A while ago my door bell broke. So I did what any sensible person would; I decided that instead of buying a new one I would hook up an old bell I had to a Raspberry Pi and have the bell ring when someone pushed a button on my door. But then I though, “well, that’s a bit boring. My doorbell should tweet me, too!”
The long and the short of it is that I couldn’t get the mechanics of the bell ringer to work but had a lot of fun with the tweeting side of things because it involved my first shot at doing some Python code. And the really good news is that it’s ridiculously easy to accomplish.
This was roughly my process…
This first thing I did was to install a couple libraries for Python.
They will allow you to connect to Twitter using the API and read from/write to the GPIO (General Purpose Input/Output) pins on the Pi (respectively).
I hooked up a simple motor controller I bought for a few quid with a button and a few resistors – it probably wasn’t the best circuit in the world but it had been many years since I did anything with electronics and I had pretty much forgotten anything I may have learned! The circuit looked something like:
I did find some useful resources about using GPIO over at https://projects.drogon.net/raspberry-pi/gpio-examples/ – so you should check out that site if you, like me, are a beginner at playing with the hardware of the Pi.
Once I had everything hooked up I had to set up a Twitter developer account (I created a new account for purpose as I didn’t want to have my personal account tweet about someone ringing my door bell!). Logging in to https://dev.twitter.com/apps with the account I wanted to use, I created a new application. You’ll have to enter your application’s name (which has to be unique), description and url (I set mine up on a specific port on my network). You don’t need a callback url, so ignore that part of the form, and then create the app. When the app gets added, go to the application’s settings tab and select the access type of Read and write and save the settings. Then in the details tab click on the create my access token button.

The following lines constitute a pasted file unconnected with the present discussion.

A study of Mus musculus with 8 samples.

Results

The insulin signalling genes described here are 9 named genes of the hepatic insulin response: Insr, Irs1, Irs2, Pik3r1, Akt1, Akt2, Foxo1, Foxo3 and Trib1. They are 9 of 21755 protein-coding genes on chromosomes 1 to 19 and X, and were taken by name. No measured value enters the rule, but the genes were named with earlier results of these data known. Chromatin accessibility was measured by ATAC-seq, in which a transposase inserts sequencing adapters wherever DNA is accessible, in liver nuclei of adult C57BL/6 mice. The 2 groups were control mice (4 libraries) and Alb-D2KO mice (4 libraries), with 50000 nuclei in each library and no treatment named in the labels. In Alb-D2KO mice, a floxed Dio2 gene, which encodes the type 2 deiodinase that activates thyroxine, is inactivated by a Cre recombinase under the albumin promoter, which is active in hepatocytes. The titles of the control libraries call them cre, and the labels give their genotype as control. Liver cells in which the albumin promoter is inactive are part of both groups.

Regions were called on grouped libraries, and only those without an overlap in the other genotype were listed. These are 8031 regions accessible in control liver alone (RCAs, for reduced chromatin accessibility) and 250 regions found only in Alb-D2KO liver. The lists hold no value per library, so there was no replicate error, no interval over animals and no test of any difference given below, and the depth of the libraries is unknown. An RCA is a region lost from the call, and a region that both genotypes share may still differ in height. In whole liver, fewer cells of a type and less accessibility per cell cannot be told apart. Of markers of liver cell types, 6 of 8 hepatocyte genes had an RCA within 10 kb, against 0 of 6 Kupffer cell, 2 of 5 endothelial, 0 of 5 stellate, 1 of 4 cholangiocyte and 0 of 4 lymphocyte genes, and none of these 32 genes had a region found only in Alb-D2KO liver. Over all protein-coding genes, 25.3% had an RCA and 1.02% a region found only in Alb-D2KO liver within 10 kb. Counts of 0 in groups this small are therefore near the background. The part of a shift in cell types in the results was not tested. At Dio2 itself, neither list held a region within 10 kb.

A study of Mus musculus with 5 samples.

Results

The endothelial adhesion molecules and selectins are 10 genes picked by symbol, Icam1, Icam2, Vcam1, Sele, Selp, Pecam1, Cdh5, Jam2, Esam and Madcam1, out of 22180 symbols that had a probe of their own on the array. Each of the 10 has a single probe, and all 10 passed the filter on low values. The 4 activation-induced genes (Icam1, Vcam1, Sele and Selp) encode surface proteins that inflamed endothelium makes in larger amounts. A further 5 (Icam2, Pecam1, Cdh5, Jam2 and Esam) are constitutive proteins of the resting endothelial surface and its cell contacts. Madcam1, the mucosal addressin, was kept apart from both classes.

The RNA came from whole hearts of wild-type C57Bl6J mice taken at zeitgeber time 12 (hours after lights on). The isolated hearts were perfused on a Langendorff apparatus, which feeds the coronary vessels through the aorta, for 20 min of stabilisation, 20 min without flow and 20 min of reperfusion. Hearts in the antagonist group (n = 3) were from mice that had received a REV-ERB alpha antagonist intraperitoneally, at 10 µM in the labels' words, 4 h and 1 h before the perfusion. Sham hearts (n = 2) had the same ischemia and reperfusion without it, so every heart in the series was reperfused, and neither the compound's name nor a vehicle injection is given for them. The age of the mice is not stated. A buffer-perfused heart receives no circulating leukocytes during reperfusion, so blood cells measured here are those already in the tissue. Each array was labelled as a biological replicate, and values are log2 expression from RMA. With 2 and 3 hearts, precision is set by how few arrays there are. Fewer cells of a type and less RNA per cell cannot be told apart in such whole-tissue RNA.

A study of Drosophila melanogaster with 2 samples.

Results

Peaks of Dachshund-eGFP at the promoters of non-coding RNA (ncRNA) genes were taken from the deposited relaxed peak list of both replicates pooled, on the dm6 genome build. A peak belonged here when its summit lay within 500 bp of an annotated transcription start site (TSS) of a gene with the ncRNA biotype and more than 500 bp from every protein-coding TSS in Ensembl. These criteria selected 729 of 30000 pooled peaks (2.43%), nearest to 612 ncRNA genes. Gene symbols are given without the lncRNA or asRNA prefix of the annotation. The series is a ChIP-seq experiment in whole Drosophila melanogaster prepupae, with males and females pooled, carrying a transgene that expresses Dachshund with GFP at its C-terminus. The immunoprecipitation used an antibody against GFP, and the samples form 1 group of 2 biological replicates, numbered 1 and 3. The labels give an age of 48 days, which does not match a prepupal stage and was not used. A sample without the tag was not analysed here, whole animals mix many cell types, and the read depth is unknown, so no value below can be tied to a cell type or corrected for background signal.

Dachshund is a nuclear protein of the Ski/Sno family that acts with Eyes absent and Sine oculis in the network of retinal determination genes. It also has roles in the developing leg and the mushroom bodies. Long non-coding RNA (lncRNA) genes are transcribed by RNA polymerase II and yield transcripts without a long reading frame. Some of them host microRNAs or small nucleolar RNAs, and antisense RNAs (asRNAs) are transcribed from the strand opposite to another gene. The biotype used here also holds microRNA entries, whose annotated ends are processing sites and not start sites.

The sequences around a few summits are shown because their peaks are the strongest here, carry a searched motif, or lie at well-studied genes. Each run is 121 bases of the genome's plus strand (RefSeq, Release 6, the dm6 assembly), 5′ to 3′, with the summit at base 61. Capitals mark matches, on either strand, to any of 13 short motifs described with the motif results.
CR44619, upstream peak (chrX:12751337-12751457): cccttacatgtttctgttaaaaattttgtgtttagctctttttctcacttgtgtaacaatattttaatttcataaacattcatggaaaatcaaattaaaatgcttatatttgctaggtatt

Having followed those steps you should have your consumer key and consumer secret key. These need to be plugged in to the code at the relevant place.
And speaking of software, by using the two libraries mentioned above it was extremely easy to have my Pi tweet me when the button was pushed. The complete code is:
Now all I need to do is get a camera so I can have it tweet me a pic of the person that rang the door bell, too!